In my previous post I wrote about the run-up to reMovem‘s week at the top of the App Store chart. On August 2, 2008, reMovem (then called JawBreaker) reached the number 1 free app on the US iTunes Store. It stayed there for a solid week, during which time it was downloaded several hundred thousand times. It was a busy week!

We promised to keep our app free forever. At the time, there was quite a bit of a fuss about all the top free apps “flipping” to paid to make a quick profit. All of the negative comments at the time reflected a widespread feeling that this practice was deceptive. The sudden appearance of a paid app in the number 1 spot might in fact lead people to download it, simply because it appeared to be popular. The rankings manipulation arguments continue to this day, but the price-flipping brouhaha seems to have largely faded away. These days, flipping can even be seen in a positive light, as in the recent case of the Fling app. We decided to make separate free and paid versions, with added modes and features to differentiate the paid version. We kept our promise.

Hundreds of user reviews started flowing in, both good and bad. Back then users could post reviews and star ratings without having to download an application. This led to a host of silly comments (since removed by Apple) like:

First!

Looks good, but I’m probably not gonna download it

Try Aurora Feint instead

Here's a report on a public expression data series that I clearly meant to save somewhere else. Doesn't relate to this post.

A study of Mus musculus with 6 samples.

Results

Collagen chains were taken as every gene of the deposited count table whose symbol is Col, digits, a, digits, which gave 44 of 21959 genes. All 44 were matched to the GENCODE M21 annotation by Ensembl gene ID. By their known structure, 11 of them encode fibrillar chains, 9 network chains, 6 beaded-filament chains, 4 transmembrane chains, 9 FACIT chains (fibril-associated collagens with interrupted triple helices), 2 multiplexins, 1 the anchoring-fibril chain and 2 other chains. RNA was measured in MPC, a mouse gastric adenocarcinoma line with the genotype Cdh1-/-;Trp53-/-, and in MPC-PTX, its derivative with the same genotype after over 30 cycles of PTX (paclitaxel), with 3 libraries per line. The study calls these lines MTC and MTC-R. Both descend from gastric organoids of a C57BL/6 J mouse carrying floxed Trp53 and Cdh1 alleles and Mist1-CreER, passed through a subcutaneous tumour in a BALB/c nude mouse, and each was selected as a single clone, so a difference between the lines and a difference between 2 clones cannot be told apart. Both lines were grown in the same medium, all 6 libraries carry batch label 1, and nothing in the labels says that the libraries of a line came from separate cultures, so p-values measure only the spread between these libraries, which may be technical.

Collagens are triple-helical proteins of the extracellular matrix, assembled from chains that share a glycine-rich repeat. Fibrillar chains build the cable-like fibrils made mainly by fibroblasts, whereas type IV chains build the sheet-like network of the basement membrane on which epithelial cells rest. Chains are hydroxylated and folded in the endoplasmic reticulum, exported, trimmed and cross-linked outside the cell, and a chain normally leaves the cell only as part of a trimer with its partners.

Bet they’re going to flip it to paid now, just like all the others

Also a few good comments:

One of the coolest games ever!

Don’t be fooled…. this game is far deeper than what meets the eye

Wow! THANK YOU for a great and simple game to help me pass the time

Great! Close to perfect!

I haven’t enjoyed a game like this since Bejewled

You need to, or rather ought to get a bonus for clearing all of the bubbles

We completed the paid version of reMovem during this week. To avoid potential trademark issues we changed the name from JawBreaker to reMovem. Actually the name ‘reMovem’ was not a first choice. Many names were considered: Accrue, Addictive, AquaDots, Bottlecaps, Buster, Clusters, Convergence, Dispatch!, Monty, and Planets were also on the list. An unfortunate association with the recalled Bindeez toy doomed the name AquaDots from the start. All the other names were either unavailable or just didn’t seem right. Thus the autological reMovem, which sounds like what you do to the balls in the game (you remove ‘em).

Another noteworthy occurrence that week was the inauguration of our translation effort. It started with an email inquiry from Luc Janssen in the Netherlands, offering to do a Dutch translation of the game. Apparently reMovem already had a great deal of fans outside of the US. We decided to try a Dutch translation, with Luc’s help, and see if it warranted expansion to other languages. Fortunately we here at Mundue had localization experience so this was not a particularly daunting task. Actually, translating an iPhone app is no different than translating a Mac application. Apple’s done a good job of leveraging existing tools and workflows. [This experiment panned out: fast forward a few weeks and reMovem sales in the Netherlands and Belgium (combined) were outpacing all other larger European countries.]

By the end of that week at the top, on August 9, 2008, we had renamed the app to reMovem, begun translating to Dutch, and submitted a separate paid version. We also started work on more features that would end up in reMovem free shortly, like a board clearing bonus, colorblind modes, and high scores. Within the next few days the paid version was approved, and another chapter of exciting challenges began.